Professional Roofers, Inc. - Franklin Local Roofers

Storm Chasers vs. Local Roofers

Storm Chasers vs. Local Roofers

Last year on March 3rd, 2020 a powerful tornado devastated downtown Nashville. The Nashville Tornado was a tough reminder of the sheer power of Mother Nature. The resulting property damage was unimaginable. Roofs were torn from buildings and debris left scattered across Music City.

Why is the Nashville tornado relevant to this blog?

Whenever a large storm hits an area, a certain type of roofing company, known as “Storm Chasers” will appear. The damage from the tornados on March 2-3 2020 caused a total damage of $1.606 billion. With the desperate need for recovery from such a disaster, a large business opportunity is created for Storm Chasers.

Who Are Storm Chasers

Storm Chasers are Roofing contractors who use special equipment and technology to locate large storms that have recently affected an area. Any severe storm that can damage a home is ideal. This can range from Hail storms to Tornados. Once an area is located, the Storm Chasers move in.

Why They’re Bad

Since their business is to find an area hit by a storm, they quickly move in and do very fast work, taking advantage of insurance policies to cut costs. Consequently, doing very fast work with cheap materials leads to undesirable results. They use the cheapest materials and practices to quickly get a job done, leaving an unreliable, short term roof. A properly built roof can easily last a quarter century or longer, whereas a cheap roof thrown up by a Storm Chaser cannot guarantee a lifespan of even one decade.

Furthermore, since a Storm Chaser moves in, slaps on a roof and leaves, a homeowner will be unable to contact the roofing contractor should there be any issues with their cheaply replaced roof. The Storm Chaser will be long gone.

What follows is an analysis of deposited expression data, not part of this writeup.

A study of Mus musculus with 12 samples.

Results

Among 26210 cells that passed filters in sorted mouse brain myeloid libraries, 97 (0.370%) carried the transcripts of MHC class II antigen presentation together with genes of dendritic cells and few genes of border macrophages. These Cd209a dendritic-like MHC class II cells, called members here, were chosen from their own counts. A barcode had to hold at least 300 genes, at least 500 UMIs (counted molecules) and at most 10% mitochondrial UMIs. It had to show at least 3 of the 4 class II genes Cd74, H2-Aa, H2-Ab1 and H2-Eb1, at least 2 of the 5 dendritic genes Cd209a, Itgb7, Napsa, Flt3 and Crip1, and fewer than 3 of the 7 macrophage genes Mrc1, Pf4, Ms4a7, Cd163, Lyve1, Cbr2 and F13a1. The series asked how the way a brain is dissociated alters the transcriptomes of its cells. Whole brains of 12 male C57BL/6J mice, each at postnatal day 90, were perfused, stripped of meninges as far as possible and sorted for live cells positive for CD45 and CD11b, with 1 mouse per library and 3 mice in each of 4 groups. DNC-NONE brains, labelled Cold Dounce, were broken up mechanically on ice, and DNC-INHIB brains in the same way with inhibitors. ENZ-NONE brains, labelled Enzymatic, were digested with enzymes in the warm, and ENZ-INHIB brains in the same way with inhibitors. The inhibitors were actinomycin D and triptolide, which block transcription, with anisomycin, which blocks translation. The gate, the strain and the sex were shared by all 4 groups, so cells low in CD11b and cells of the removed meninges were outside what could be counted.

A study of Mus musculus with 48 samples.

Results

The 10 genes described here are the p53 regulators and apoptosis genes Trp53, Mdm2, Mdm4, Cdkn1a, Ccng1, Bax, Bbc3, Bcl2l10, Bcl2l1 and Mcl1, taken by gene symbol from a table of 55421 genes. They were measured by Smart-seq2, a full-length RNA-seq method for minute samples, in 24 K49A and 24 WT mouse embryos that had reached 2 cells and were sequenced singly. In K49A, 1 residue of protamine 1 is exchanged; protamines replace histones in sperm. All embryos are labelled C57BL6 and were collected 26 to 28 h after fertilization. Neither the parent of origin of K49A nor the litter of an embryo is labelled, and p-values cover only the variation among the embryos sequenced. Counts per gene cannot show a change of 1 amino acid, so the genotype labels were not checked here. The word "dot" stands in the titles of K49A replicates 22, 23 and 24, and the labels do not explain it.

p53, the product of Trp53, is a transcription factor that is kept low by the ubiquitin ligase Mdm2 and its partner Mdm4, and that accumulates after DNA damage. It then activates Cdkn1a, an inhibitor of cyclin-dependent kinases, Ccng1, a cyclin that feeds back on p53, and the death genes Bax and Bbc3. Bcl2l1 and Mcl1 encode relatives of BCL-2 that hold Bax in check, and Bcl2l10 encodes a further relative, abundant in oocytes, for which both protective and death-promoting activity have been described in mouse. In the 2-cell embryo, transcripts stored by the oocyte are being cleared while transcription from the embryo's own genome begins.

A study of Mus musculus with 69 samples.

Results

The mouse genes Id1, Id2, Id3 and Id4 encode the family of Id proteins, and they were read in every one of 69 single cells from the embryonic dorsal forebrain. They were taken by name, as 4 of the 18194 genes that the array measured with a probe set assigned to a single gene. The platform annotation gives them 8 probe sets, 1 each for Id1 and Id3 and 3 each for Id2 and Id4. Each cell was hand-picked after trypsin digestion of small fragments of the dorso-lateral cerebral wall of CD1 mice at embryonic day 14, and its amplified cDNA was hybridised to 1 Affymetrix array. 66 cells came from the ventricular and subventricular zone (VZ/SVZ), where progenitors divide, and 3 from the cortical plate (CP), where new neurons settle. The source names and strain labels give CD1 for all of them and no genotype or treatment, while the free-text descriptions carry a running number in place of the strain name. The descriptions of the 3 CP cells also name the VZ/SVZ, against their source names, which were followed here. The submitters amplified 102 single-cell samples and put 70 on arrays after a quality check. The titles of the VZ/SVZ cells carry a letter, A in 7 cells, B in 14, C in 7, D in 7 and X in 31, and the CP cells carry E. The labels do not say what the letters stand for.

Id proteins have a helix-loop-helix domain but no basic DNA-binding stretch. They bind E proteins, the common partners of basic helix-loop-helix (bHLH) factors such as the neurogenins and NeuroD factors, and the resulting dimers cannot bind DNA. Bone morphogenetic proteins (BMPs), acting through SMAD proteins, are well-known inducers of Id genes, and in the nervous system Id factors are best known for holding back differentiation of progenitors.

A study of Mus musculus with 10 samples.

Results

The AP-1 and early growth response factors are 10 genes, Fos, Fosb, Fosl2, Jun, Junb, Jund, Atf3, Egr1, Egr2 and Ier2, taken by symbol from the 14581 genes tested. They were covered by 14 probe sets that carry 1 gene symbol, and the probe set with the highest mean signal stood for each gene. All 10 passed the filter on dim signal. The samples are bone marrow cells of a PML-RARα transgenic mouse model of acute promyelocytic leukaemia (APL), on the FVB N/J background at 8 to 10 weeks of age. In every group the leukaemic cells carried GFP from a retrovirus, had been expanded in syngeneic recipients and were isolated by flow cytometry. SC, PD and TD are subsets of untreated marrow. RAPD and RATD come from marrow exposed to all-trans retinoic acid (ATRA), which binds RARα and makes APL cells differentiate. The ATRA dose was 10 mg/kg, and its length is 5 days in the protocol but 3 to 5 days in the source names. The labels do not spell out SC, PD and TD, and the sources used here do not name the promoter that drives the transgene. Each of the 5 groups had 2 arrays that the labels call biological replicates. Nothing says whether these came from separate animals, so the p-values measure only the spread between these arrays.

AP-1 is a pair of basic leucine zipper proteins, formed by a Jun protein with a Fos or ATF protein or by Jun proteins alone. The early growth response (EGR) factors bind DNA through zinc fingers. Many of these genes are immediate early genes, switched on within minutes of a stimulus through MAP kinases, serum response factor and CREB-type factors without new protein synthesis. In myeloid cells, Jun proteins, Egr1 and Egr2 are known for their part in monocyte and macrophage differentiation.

Storm Chasers also know the ins and outs of home insurance. They boast doing the job at almost no cost to the homeowner, advising them to take advantage of their home insurance policies, as well as offering to cover the deductible. Since insurance will cover the roof, (theoretically) Storm Chasers can entice a homeowner with the offer of replacing their entire roof, for FREE.

How to Spot a Storm Chaser

In order to avoid the easy trap of a too-good-to-be-true deal from a Storm Chaser, it’s always imperative to do your research. Conduct your own company audit using Google, Angie’s List, BBB, Yelp, and other company review websites. Browsing the reviews can give you a good idea of how this company carries themselves. It is worth looking into where they’re located, as well as their service areas. (Since a Storm Chasers service area is essentially anywhere.) You can also check your local and state agencies to find out if your prospected contractor is licensed and qualified.

Stick to a local, trusted roofing contractor in your area. Reputable companies will provide any documentation and identification if requested.